MLB.com Columnist

Mike Bauman

Others wise to learn from Joba's mishap

Bauman: Others wise to learn from Joba

To the long, long list of "don'ts" for Major League Baseball players, the trampoline must apparently now be added.

You would have thought that jumping on a trampoline wouldn't have to be added, that it would place itself automatically with cliff diving, climbing Mt. Everest and overnight hiking in the Sahara Desert as activities that really don't add anything to the physical well-being of a professional ballplayer.

But there is always somebody who wants to test the boundaries, whether the boundaries are those of typical physical conditioning or those of good sense. In this case, it was Joba Chamberlain, erstwhile relief pitcher of the New York Yankees.

Chamberlain, who was in the midst of a successful rehabilitation from Tommy John surgery on his right arm, made an outing to a recreation spot with his 5-year-old son, Karter, on Thursday. While jumping from one trampoline to another, Chamberlain suffered an open dislocation of the subtalar joint in his right foot. That means that bone was exposed.

There are two ways to look at this:

1. Chamberlain was very unlucky that an accident occurred while he was having an innocent outing with his kid.

2. Chamberlain, goofing around with trampolines, was lucky he wasn't hurt much more seriously.

The ultimate frame of reference for a trampoline injury would be Brian Sternberg, once the world record holder in the pole vault. While training on a trampoline, Sternberg landed on his neck and was paralyzed.

Compared to that experience, Chamberlain got away inexpensively on this adventure.

Speaking with reporters on Tuesday, Chamberlain expressed confidence that he will pitch again for the Yankees this season. On the other hand, he did not express substantial regret over suffering the trampoline-related injury. Instead, Chamberlain preferred to view this incident as something that happened while he was trying to be "a great dad."

"This game is very important to me," Chamberlain said. "It allows me to do a lot of things, but my son is my pride and joy, and I think that was the biggest thing. [I told myself], 'Don't be so hard on yourself and realize what you were doing. You were trying to be a great dad.'"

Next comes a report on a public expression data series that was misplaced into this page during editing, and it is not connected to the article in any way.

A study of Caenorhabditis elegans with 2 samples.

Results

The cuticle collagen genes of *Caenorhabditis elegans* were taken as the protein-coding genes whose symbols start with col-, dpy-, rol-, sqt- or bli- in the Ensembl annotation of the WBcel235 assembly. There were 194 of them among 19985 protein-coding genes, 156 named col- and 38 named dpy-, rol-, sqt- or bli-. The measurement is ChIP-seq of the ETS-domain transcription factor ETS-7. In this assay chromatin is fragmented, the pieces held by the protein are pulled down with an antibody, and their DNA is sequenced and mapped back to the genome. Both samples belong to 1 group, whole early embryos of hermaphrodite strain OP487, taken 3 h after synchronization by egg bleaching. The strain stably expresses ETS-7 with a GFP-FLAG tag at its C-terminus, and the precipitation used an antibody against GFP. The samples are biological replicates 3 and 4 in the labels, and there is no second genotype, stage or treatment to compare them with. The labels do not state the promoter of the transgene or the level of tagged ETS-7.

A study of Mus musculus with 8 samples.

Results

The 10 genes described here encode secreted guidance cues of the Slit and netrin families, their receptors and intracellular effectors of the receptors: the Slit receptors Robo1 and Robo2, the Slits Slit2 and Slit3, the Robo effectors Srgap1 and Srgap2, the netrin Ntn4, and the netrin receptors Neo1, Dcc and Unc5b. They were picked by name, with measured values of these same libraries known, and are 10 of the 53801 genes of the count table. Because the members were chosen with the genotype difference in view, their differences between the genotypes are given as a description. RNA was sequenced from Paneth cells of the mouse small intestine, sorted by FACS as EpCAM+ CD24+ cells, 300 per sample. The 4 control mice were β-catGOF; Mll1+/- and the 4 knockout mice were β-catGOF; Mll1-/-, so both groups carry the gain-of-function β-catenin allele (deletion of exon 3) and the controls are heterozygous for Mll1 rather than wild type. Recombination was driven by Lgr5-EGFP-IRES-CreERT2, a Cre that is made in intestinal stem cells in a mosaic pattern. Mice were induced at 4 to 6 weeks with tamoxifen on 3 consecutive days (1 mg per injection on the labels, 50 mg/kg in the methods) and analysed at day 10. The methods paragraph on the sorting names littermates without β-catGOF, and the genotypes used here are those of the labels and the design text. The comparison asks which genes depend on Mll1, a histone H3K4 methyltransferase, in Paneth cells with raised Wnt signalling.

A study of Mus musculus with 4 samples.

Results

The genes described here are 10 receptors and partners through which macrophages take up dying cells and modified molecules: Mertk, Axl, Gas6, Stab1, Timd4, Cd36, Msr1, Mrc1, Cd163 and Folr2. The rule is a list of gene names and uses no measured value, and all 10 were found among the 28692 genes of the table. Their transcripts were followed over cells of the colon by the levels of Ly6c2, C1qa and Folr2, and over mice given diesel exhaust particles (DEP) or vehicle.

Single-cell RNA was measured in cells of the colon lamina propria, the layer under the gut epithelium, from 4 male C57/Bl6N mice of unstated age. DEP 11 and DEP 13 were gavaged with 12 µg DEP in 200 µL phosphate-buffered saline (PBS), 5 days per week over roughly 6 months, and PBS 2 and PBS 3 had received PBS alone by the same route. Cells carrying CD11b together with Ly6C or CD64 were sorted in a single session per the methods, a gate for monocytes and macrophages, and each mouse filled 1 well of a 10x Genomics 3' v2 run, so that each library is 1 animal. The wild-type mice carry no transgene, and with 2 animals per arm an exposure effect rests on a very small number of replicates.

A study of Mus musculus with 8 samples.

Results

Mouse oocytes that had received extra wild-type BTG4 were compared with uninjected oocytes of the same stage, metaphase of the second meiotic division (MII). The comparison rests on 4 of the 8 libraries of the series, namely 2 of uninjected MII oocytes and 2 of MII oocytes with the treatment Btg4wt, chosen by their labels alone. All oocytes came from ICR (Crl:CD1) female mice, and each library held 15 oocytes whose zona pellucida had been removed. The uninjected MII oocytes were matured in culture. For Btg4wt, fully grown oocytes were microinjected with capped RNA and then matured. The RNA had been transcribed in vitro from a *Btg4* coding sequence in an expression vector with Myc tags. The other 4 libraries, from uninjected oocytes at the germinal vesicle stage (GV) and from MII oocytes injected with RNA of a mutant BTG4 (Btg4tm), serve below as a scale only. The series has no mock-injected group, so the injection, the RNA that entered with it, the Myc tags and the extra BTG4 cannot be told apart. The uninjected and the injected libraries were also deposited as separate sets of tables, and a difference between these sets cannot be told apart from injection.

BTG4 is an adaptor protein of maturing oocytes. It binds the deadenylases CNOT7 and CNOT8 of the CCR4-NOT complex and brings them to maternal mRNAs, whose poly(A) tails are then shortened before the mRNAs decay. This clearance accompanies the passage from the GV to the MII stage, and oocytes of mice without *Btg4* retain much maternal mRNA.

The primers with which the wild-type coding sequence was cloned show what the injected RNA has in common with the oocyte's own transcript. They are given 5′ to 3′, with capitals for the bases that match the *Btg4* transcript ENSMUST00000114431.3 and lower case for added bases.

There are, of course, other ways to bond with your son. A trampoline is not required equipment on the road to being "a great dad."

In fact, in this case, Joba the dad is doubly lucky; he is working for an organization that has terrific health insurance. And this is also an organization that can afford to take an extraordinarily generous view of this episode. In the rest of life, if you tear up your foot in a trampoline mishap and you can't work, what happens? You have serious trouble on about eight separate fronts.

Baseball players have been injured in more innocuous ways than this. There was a serious bout of tendinitis resulting from marathon sessions with a video game. There was a cracked rib suffered in a pickup basketball game.

So if you're making a million, or millions, as a Major League Baseball player, you probably shouldn't jeopardize the hand half of the hand-eye coordination combination by playing a video game from dawn to dusk or dusk to dawn. And even that game of pickup basketball -- the same game you've been playing since you were a kid -- is no longer on the agenda, either.

The trampoline? That really shouldn't require instruction, should it? There shouldn't have to be somebody screaming, "No! No! Noooooo!!" at that possibility.

But apparently there are elements of the baseball population that require additional instruction in this area. OK. If you're a baseball player, it's a no-go, and a no-no. If you absolutely feel that you must bounce up and down, get an extra-firm mattress at the team hotel. Even then, you need to exercise caution. But with the trampoline, just say no.

Mike Bauman is a national columnist for MLB.com. This story was not subject to the approval of Major League Baseball or its clubs.